The hyperkalemia (HK) symposium at the spring National Kidney Foundation conference in Boston was a popular event. On Thursday April 28th, hundreds crowded into the ZS Pharma-sponsored talk. What is the excitement for? Those treating chronic kidney disease (CKD) patients are all too familiar with the balancing act of preventing HK while maintaining blood pressure (BP) control with the antihypertensive RAAS inhibitors. HK is common in CKD patients; for those patients in whom potassium-sparing diets are not enough, removing modifiable causes of elevated serum potassium levels like RAAS inhibitors or adding low-dose sodium polystyrene sulfonate/Kayexalate can be the only options. That was then. Now we have two agents before us, one FDA approved (Relypsa’s Veltassa) and the other under review (ZS Pharma/AstraZeneca’s ZS-9), with demonstrated efficacy in chronic HK management.
Chronic HK management is new and exciting territory. Primary research by Decision Resources Group finds that 31% of nondialysis and 44% of dialysis patient have HK (TreatmentTrends®: Hypkeralemia (US) 2015 report) and that one-third of all HK patients are considered chronic. Currently marketed agents, like Kayexalate, are only approved for use in the acute setting and are met with high patient resistance because of their unpleasant GI side-effects. For patients with higher baseline potassium deemed at risk for HK, the new and emerging potassium binders may offer long-term clinical benefits- the largest being the continued use of RAAS inhibitors.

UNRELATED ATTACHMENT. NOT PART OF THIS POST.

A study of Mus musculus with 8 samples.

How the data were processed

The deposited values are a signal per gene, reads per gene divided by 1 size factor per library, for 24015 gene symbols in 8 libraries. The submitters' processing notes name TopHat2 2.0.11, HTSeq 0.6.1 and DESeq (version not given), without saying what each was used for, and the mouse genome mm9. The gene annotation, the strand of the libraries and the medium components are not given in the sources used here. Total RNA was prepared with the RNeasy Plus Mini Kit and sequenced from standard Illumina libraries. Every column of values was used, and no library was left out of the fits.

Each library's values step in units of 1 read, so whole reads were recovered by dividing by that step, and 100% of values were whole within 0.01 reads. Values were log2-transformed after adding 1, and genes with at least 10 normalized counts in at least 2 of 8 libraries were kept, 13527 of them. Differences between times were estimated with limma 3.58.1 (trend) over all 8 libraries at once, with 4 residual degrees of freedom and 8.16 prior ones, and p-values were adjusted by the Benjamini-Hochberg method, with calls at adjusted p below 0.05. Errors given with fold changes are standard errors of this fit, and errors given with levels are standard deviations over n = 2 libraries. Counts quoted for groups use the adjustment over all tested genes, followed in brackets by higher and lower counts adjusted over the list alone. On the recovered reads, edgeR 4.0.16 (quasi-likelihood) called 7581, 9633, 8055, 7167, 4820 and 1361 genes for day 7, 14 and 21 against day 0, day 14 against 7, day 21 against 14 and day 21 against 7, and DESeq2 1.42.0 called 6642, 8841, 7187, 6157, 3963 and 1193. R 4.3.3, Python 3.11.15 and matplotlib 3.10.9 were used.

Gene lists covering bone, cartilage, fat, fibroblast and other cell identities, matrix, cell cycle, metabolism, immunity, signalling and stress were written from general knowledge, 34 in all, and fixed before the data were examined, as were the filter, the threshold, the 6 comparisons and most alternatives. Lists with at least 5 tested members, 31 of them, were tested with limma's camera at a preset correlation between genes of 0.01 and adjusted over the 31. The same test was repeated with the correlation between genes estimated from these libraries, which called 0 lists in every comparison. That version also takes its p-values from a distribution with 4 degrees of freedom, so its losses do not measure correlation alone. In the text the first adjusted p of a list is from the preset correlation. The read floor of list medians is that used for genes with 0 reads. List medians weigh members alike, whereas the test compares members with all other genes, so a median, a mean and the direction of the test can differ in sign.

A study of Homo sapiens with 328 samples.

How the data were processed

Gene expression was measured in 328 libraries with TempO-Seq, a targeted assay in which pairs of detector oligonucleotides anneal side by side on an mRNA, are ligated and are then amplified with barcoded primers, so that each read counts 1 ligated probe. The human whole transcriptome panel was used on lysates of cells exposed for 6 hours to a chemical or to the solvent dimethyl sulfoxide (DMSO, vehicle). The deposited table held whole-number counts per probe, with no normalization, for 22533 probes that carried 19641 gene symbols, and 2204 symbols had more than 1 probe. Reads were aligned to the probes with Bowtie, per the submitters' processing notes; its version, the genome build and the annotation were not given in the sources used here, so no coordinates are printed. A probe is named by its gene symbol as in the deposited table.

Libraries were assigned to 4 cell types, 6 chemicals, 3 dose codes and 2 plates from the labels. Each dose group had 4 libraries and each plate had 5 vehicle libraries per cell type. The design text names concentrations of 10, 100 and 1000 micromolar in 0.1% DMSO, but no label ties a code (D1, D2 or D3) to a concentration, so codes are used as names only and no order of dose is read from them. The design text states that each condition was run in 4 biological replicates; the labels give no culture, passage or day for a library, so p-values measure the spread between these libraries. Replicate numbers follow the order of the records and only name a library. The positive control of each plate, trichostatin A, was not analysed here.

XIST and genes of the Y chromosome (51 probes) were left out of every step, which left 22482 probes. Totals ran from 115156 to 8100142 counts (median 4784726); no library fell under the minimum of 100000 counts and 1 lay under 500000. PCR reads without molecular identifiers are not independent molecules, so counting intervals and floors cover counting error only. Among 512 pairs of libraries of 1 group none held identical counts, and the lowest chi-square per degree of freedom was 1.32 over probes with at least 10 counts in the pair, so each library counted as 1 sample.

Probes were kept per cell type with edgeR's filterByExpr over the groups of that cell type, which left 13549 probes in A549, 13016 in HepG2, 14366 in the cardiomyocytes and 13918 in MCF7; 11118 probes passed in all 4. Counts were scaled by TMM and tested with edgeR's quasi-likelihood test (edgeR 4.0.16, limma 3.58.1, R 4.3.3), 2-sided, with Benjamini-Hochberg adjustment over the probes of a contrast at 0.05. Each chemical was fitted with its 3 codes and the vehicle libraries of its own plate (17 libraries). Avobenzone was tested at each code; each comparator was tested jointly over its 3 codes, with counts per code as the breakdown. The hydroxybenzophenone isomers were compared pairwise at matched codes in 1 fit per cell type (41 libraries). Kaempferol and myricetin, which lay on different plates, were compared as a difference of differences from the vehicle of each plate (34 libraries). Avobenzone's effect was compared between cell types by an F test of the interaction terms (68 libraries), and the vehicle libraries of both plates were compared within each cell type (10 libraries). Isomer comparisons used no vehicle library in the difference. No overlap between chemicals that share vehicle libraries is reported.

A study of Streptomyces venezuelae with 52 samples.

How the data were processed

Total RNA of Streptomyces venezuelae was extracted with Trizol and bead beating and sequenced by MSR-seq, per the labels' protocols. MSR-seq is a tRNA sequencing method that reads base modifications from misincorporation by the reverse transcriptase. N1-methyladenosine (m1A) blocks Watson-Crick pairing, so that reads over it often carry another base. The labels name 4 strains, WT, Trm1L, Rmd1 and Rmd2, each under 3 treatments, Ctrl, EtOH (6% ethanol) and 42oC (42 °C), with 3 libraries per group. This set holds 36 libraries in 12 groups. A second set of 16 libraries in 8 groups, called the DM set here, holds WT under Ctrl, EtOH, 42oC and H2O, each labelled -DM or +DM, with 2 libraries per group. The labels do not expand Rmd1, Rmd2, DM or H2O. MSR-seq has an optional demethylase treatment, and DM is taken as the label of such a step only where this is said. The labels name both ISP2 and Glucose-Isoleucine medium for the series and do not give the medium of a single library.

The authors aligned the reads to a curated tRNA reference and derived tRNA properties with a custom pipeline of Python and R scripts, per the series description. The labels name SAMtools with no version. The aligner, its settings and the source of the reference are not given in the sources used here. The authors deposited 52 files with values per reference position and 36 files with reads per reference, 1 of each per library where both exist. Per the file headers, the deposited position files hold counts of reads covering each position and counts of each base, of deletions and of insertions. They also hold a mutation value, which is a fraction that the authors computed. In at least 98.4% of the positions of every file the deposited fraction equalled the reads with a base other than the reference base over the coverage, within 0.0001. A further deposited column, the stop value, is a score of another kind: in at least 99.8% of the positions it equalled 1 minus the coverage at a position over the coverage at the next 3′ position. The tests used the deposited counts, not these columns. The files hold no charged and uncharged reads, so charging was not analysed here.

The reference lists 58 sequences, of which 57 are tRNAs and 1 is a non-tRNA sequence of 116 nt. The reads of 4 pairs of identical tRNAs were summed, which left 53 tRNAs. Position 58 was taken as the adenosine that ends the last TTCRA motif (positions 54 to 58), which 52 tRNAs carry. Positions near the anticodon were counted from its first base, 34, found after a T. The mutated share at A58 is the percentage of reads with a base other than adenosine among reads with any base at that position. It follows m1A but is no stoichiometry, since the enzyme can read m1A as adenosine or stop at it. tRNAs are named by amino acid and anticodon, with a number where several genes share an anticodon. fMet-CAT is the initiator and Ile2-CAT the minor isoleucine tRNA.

While these new and emerging agents usher in a new era, there are still many unknowns. Can Veltassa and ZS-9 control HK for longer than 52 weeks? What are the impacts of HK management on clinical outcomes? Will any rare safety risks emerge, like the colonic necrosis seen in SPS-treated patients? Will costs prevent patients from gaining access to these potassium binders?
Leading nephrologists and session moderators Linda Fried, MD MPH, from University of Pittsburg, Csaba Kovesdy, MD, from University of Tennessee Health Science Center, and Ishir Bhan, MD MPH, from Massachusetts General Hospital agreed that both Veltassa and ZS-9 demonstrated efficacy in treating HK in CKD patients who remain on RAAS inhibitors. They were excited about their use in the chronic setting, but cautioned that long-term data is needed. In addition, Dr. Kovesdy noted that we are lacking the tools to continuously monitor HK, which may be important when prescribing in the chronic management setting. Of course use in the chronic setting would be highly impacted by cost. The moderators could not speculate on the cost of the potassium binders as they themselves had no experience with Veltassa because they are not yet able to prescribe it.
Despite these questions, the kidney community is undoubtedly excited about the future benefits Veltassa and ZS-9 can provide in the management of chronic HK.